Makers and the city
Today anyone can create almost anything. You just need a testing ground for experiment and play. While rapid urbanisation presents a big challenge, the good news is that cities are natural spaces for collective creative innovation.
As an open city full of pioneers and makers, Barcelona actively encourages its community to make the world more self-sufficient – stimulating new technologies and ‘circular’ production models and funding digital social innovation.
Grants such as those from We're promoting what you do empower grassroots organisations, designers and social innovators to create opportunities in a ‘bottom-up’ process.
This means that citizens are being empowered to make, create, grow materials locally, share ideas... and play.
The city is also proud to now play host to the Maker Faire. The largest event of its kind, the Maker Faire is exactly what it sounds like – a fair where an inclusive community of makers and wannabe-makers, and STEM professionals and enthusiasts, can come together to innovate, help each other solve problems and work on open source projects.
Having been abandoned and with empty factories for some time, the former industrial neighbourhood of Poblenou is now a "playground" of makerspaces and labs.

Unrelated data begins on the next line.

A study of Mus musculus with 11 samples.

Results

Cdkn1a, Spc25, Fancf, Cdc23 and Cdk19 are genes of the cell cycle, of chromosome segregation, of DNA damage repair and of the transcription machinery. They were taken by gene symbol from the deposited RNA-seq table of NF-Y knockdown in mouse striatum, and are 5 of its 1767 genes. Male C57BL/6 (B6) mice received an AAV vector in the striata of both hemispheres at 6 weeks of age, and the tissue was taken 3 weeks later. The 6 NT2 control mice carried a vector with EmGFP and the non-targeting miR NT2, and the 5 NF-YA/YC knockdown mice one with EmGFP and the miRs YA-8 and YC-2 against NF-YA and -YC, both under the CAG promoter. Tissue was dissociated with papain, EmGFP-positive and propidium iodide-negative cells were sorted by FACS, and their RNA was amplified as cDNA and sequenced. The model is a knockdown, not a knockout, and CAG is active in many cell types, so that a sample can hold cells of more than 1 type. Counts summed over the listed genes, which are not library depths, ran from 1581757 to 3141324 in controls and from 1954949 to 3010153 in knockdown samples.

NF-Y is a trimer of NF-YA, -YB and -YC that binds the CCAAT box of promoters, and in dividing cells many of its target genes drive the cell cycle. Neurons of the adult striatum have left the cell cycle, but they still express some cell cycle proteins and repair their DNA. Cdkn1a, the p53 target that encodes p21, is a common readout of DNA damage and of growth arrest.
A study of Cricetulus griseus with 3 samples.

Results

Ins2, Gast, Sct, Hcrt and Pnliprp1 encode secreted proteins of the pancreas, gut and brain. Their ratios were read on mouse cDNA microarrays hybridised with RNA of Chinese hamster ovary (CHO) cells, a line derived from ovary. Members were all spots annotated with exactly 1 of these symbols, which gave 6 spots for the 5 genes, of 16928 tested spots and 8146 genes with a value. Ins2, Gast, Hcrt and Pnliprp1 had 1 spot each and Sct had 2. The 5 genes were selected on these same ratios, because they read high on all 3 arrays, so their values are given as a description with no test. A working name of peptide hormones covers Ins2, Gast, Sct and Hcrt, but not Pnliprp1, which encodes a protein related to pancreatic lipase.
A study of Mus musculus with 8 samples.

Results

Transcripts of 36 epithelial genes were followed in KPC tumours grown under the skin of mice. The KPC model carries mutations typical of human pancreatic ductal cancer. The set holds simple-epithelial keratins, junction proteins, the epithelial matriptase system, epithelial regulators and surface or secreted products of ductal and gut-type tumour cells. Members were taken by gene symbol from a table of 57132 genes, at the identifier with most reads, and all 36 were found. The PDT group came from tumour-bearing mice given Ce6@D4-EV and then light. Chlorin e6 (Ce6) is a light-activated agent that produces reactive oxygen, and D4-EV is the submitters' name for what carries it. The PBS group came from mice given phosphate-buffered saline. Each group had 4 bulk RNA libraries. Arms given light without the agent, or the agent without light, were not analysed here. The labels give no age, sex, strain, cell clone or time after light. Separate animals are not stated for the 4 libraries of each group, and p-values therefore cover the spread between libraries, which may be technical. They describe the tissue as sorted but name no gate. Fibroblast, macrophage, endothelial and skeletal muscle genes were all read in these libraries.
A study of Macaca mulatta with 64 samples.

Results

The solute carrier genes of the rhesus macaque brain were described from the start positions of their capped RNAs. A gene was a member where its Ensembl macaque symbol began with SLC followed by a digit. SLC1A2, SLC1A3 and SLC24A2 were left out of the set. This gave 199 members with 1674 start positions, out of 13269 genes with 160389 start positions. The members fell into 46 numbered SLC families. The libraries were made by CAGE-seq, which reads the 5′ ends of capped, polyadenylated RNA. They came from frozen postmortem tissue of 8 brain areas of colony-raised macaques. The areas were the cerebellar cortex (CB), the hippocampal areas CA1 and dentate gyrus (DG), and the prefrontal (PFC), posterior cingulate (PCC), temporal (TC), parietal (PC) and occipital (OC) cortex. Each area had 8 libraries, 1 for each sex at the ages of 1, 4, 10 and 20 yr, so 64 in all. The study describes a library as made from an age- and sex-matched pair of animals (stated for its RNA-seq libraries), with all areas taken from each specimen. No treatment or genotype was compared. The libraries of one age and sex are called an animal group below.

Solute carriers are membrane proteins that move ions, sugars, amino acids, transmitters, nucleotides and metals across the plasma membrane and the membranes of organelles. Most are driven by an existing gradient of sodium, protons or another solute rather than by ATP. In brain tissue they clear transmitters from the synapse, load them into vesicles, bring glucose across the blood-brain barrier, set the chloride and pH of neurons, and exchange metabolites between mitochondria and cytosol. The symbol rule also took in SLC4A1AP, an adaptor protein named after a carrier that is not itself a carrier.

But digital fabrication isn’t just about 3D printers. Fab labs promote the idea of distributed manufacturing. Designs can be sent to the other side of the planet, and using machinery – such as laser cutters and other simple tools – users can create nearly any object, big or small.
Making goes beyond products for housing, aquaponics systems for growing food, wireless data networks and plastic-free plastics. With DIY bio you can even make the tools for making tools – such as low-cost home-made microscopes and affordable DNA kits.
Seen globally as a benchmark in urban, economic and social transformation, Poblenou is known as Barcelona’s Maker District. Anything is possible between the colourful shutters and street art, modern architecture and regenerated factories.
And behind a giant black door you will find a thriving Institute for Advanced Architecture of Catalonia, home to Fab Lab Barcelona. Its director Tomás Díez is launching a movement called ‘Fab City’ to share the city’s knowledge globally.
Watch ► As the sun sets on Parc del Poblenou, Tomas Díez meets Núria Conde, the founder of DIYBIOBCN. Biologist by day and biohacker by night, she is part of the worldwide movement to take science out of the lab and make it accessible.